On Tuesday, a study from the Cross-National Data Center in Luxembourg confirmed what many middle-class Americans sensed uneasily for years: The American dream is dead. America’s middle class is no longer the richest; in fact, that designation can now be given to Canada. We are at crossroads. We can either passively accept this new notion of the “Canadian dream” or pressure our leaders to wake our nation up from the nightmare of rising income inequality.

The study cites several causes for this startling income gap. The first is a lack of educational attainment among 16- to 24-year-olds relative to the same population in other countries. The second is a stagnation in wages. Although our economy continues to experience positive growth, wages are not increasing accordingly. Third, in comparison to that of other countries, our tax system does not properly redistribute wealth, as the structure benefits the rich and hurts the middle class.

If 90 percent of us are suffering under the current status quo, which clearly benefits the rich and powerful, it shouldn’t be so difficult to voice our concerns and address these three causes through reform. This should be an issue that unites us across other political cleavages, such as social issues or even foreign policy concerns.

Unfortunately, the political system is no longer responsive to the will of the middle class. Another disturbing study recently confirmed that the political structure of the United States looks less like a democracy, and more like an oligarchy. Decision-making appears most responsive to the interests of the top income earners.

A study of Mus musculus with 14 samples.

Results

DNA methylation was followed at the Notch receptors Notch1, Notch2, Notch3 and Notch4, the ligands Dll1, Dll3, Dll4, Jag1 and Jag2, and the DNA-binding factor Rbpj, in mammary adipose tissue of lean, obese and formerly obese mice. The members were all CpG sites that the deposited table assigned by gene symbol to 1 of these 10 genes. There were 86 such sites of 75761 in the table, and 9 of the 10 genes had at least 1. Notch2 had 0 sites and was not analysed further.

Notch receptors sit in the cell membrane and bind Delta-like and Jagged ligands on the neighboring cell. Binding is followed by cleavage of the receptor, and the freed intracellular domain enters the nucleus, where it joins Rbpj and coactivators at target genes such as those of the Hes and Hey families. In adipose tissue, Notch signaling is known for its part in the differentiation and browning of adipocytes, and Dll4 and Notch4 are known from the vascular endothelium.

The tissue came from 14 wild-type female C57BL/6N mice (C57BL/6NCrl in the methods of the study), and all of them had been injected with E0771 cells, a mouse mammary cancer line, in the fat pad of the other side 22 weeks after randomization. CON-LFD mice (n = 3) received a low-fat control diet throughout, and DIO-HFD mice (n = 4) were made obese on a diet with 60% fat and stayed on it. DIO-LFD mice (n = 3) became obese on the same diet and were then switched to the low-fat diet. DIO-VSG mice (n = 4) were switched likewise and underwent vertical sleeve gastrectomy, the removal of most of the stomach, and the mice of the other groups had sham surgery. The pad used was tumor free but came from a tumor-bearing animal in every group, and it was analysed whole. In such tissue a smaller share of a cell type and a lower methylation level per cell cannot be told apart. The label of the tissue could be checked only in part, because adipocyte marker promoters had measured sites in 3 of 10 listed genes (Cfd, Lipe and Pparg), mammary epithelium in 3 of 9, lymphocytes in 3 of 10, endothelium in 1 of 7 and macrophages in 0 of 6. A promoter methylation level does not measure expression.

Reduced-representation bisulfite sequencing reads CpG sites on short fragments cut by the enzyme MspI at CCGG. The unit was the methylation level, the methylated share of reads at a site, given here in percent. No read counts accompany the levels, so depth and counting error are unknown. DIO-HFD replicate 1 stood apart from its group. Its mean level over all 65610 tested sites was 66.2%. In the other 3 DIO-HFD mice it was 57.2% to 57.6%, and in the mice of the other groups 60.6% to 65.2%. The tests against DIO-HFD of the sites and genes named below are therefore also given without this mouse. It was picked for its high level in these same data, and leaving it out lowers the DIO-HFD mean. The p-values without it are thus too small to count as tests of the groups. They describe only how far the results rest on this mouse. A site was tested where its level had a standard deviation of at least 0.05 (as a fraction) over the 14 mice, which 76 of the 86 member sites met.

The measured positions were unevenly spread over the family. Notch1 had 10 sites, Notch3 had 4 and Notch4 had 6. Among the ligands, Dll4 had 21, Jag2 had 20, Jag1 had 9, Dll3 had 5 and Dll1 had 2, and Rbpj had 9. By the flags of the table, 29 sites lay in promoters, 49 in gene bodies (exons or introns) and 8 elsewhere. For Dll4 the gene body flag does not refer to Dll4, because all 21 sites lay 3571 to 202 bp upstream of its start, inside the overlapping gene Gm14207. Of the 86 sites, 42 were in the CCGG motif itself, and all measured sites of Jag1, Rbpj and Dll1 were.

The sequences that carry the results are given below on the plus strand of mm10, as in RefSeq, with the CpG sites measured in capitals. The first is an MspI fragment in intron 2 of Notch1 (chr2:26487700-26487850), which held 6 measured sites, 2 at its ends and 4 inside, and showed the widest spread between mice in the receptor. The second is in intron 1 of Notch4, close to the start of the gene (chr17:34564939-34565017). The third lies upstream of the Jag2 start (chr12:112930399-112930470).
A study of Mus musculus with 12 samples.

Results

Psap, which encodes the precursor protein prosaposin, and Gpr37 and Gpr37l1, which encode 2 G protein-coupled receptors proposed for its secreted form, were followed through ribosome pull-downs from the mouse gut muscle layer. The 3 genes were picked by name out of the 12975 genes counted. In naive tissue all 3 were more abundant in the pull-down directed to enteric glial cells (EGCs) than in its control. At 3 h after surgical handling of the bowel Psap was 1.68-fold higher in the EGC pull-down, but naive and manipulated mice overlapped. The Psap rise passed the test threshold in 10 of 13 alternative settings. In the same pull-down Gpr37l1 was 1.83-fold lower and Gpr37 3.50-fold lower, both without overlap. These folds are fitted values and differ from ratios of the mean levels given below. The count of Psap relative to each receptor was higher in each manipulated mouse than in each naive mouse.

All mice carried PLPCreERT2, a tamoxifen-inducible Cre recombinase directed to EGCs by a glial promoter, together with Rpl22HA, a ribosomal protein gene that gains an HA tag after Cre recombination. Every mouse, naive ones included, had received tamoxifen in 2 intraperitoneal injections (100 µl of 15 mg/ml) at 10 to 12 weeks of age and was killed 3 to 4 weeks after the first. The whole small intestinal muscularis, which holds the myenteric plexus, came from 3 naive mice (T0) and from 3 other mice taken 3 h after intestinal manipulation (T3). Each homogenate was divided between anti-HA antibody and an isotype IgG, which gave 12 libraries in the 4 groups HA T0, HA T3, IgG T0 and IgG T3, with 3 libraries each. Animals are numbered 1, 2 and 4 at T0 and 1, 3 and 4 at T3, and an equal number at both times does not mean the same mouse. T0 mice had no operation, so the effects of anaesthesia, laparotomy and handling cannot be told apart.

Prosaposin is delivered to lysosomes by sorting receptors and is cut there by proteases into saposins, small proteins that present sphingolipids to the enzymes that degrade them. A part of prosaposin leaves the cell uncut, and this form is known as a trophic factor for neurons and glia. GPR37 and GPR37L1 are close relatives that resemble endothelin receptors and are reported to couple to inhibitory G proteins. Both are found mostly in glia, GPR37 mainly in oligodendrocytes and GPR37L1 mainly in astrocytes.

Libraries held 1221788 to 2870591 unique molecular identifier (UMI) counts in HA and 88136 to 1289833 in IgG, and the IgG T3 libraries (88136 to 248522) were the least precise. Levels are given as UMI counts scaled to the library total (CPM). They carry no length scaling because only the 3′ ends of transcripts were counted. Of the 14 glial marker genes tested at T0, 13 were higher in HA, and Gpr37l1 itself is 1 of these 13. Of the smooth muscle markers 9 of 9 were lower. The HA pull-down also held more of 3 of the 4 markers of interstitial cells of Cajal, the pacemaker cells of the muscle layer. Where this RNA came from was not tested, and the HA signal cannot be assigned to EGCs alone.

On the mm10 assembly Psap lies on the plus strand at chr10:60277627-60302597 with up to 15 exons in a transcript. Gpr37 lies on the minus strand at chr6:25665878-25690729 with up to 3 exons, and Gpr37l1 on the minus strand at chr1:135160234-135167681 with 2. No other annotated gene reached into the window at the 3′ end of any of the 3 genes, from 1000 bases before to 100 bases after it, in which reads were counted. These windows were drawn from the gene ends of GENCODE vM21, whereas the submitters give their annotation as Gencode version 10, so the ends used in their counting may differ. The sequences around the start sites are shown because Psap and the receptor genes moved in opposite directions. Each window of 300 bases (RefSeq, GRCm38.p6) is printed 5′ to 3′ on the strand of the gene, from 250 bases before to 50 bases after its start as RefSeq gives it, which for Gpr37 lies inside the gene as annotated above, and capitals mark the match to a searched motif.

What the study does not explain is why middle-class Americans are left out of the decision-making process. As columnist Dorothy Manevich explained on Tuesday, loose campaign finance laws allow powerful interest groups and corporations to influence politics at a disproportionate rate. Though this trend has given such groups disproportionate influence, it cannot fully explain why politicians do not acknowledge the will of their constituents.

Despite the fact that money is concentrated in a small group, the ailing middle class still makes up 90 percent of the population. Politicians are primarily motivated by reelection. If we were to mobilize and rally around these three causes, politicians would be forced to acknowledge us. There is strength in Big Money, but also strength in numbers. However, it remains to be seen if we are even capable of mobilization or willing to voice our concerns.

In comparison to Western European countries, we have a low rate of protest and strike. Only 7.2 percent of American workers are unionized. The response to the Occupy Wall Street movement illustrates the way American society tends to demonize those advocating redistribution of wealth. Due to the value we place in hard work, such protesters are told to “get a job” and “stop complaining.” Even those who secretly agree with protesters remain silent, for fear that stepping out of line will result in unemployment in an unforgiving economic climate.

It’s time to accept reality. This is no longer a country where one can work hard, receive a good education and expect a steady income and benefits. This is not meritocracy. It is no longer enough to work hard, because the system doesn’t reward hard workers; it rewards those with wealth. The first step in resurrecting the American dream is recognizing its death. The second step is not to mourn its loss, but to hold the politicians and corporations who killed it responsible for their criminal actions.